Defense Secretary Ash Carter wants to open the door for more “lateral entry” into the military's upper ranks, clearing the way for lifelong civilians with vital skills and strong résumés to enter the officer corps as high as the O-6 paygrade.
The idea is controversial, to say the very least. For many in the rank-and-file military, it seems absurd, a bewildering cultural change that threatens to upend many assumptions about military life and traditional career paths. But while it's not universally embraced, there is interest in Congress and among some of the military's uniformed leaders — even, they say, in exploring how the services could apply this concept to the enlisted force.
This is a key piece of Carter’s “Force of the Future” personnel reform. Unveiled June 9, it aims to help the military bring in more top talent, especially for high-tech career fields focused on cyber warfare and space. Advocates say it will help the military fill important manpower shortfalls with highly skilled professionals and, more broadly, create greater “permeability” between the active-duty military and the civilian sector.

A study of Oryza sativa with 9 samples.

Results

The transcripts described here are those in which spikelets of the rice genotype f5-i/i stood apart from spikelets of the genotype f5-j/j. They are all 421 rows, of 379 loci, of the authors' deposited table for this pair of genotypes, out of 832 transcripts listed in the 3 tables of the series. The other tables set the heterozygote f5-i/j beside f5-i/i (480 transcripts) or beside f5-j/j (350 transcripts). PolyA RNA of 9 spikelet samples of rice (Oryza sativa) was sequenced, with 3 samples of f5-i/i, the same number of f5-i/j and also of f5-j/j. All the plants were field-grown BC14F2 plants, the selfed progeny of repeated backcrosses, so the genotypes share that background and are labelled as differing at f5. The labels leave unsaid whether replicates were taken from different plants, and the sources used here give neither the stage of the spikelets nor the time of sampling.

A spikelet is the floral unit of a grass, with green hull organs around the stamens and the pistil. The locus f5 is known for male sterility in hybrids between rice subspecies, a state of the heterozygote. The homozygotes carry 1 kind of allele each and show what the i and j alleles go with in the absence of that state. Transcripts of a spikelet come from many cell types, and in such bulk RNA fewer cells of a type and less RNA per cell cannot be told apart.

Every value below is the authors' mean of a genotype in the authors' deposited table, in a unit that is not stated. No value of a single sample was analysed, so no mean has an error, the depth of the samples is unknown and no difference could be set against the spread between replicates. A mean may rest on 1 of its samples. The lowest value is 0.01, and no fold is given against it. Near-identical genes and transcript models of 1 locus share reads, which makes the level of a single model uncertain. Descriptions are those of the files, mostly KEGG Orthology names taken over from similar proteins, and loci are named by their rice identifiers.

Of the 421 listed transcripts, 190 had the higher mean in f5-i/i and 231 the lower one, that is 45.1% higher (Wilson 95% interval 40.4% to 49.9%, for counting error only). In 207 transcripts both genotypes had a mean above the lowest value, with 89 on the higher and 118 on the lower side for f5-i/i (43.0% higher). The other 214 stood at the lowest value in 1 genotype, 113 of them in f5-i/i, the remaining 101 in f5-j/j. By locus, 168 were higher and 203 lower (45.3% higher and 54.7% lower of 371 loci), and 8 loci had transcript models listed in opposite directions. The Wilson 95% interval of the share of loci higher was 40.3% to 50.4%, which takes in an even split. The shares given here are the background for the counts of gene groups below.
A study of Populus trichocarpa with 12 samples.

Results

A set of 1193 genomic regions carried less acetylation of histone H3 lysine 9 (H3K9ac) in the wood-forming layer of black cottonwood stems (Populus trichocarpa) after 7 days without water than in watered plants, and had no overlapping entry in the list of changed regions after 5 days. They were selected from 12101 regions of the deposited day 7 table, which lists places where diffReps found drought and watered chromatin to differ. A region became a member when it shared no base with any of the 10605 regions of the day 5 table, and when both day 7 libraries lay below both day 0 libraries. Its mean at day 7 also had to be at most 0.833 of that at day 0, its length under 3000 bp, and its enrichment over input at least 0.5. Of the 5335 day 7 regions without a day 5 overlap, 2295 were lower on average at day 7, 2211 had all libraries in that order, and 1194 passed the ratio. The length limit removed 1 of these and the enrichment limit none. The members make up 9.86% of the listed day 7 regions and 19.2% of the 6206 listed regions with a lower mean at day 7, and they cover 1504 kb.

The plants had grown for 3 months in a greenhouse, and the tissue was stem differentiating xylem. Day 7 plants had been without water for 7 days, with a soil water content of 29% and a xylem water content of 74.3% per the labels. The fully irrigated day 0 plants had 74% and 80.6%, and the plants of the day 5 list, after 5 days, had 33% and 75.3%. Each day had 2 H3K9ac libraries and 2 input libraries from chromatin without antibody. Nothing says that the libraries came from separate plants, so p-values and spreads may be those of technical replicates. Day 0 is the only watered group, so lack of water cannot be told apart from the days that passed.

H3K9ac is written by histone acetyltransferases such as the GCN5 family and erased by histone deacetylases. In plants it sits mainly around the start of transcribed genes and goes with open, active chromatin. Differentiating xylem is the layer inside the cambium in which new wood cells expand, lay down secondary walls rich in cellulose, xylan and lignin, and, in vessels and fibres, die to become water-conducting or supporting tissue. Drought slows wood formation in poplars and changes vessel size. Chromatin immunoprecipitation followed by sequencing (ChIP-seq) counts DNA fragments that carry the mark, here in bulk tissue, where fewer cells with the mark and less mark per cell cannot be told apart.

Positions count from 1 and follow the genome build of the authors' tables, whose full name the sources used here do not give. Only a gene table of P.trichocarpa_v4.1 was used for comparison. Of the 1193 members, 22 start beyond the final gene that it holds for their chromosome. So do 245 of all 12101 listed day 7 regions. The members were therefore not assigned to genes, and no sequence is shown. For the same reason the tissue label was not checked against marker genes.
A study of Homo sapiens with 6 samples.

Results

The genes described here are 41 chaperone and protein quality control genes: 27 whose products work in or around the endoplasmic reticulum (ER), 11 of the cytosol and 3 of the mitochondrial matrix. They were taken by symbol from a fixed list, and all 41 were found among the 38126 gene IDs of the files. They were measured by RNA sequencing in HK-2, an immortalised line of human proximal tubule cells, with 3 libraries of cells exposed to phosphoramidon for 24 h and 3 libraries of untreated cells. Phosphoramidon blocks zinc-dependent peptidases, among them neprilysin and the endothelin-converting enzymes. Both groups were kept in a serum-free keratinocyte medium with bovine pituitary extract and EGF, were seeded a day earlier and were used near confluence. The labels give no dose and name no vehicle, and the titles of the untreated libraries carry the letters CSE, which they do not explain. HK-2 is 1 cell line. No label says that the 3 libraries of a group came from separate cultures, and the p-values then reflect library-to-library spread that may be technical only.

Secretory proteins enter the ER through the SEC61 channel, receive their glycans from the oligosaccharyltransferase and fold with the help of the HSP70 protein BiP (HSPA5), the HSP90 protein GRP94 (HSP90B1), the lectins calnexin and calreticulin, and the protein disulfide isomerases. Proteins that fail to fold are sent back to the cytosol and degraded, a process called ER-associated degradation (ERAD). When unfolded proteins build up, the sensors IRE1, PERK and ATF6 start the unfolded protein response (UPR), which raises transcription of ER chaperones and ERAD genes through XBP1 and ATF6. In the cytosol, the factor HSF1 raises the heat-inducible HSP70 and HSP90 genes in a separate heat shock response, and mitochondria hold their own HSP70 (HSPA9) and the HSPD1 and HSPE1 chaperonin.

At the same time, it suggests eroding the military’s tradition of growing its own leaders and cultivating a force with a distinct culture and tight social fabric, which many believe to be the heart of military effectiveness. Critics worry it will create a new subcaste of military service members who are fundamentally disconnected from the traditional career force.
“They will enter a culture they don’t know, understand or potentially appreciate,” said Dakota Wood, a retired Marine officer and military expert at the Heritage Foundation. “The Marines around them will likely be challenged to appreciate them as they would a fellow Marine.”
If approved by Congress, the individual military services would be authorized — but not required — to expand lateral entry up to the rank of colonel, or in the case of the Navy a captain. It's part of a broader reform effort that may also include new rules for bringing enlisted troops in at the noncommissioned officer ranks, which does not require approval from Congress.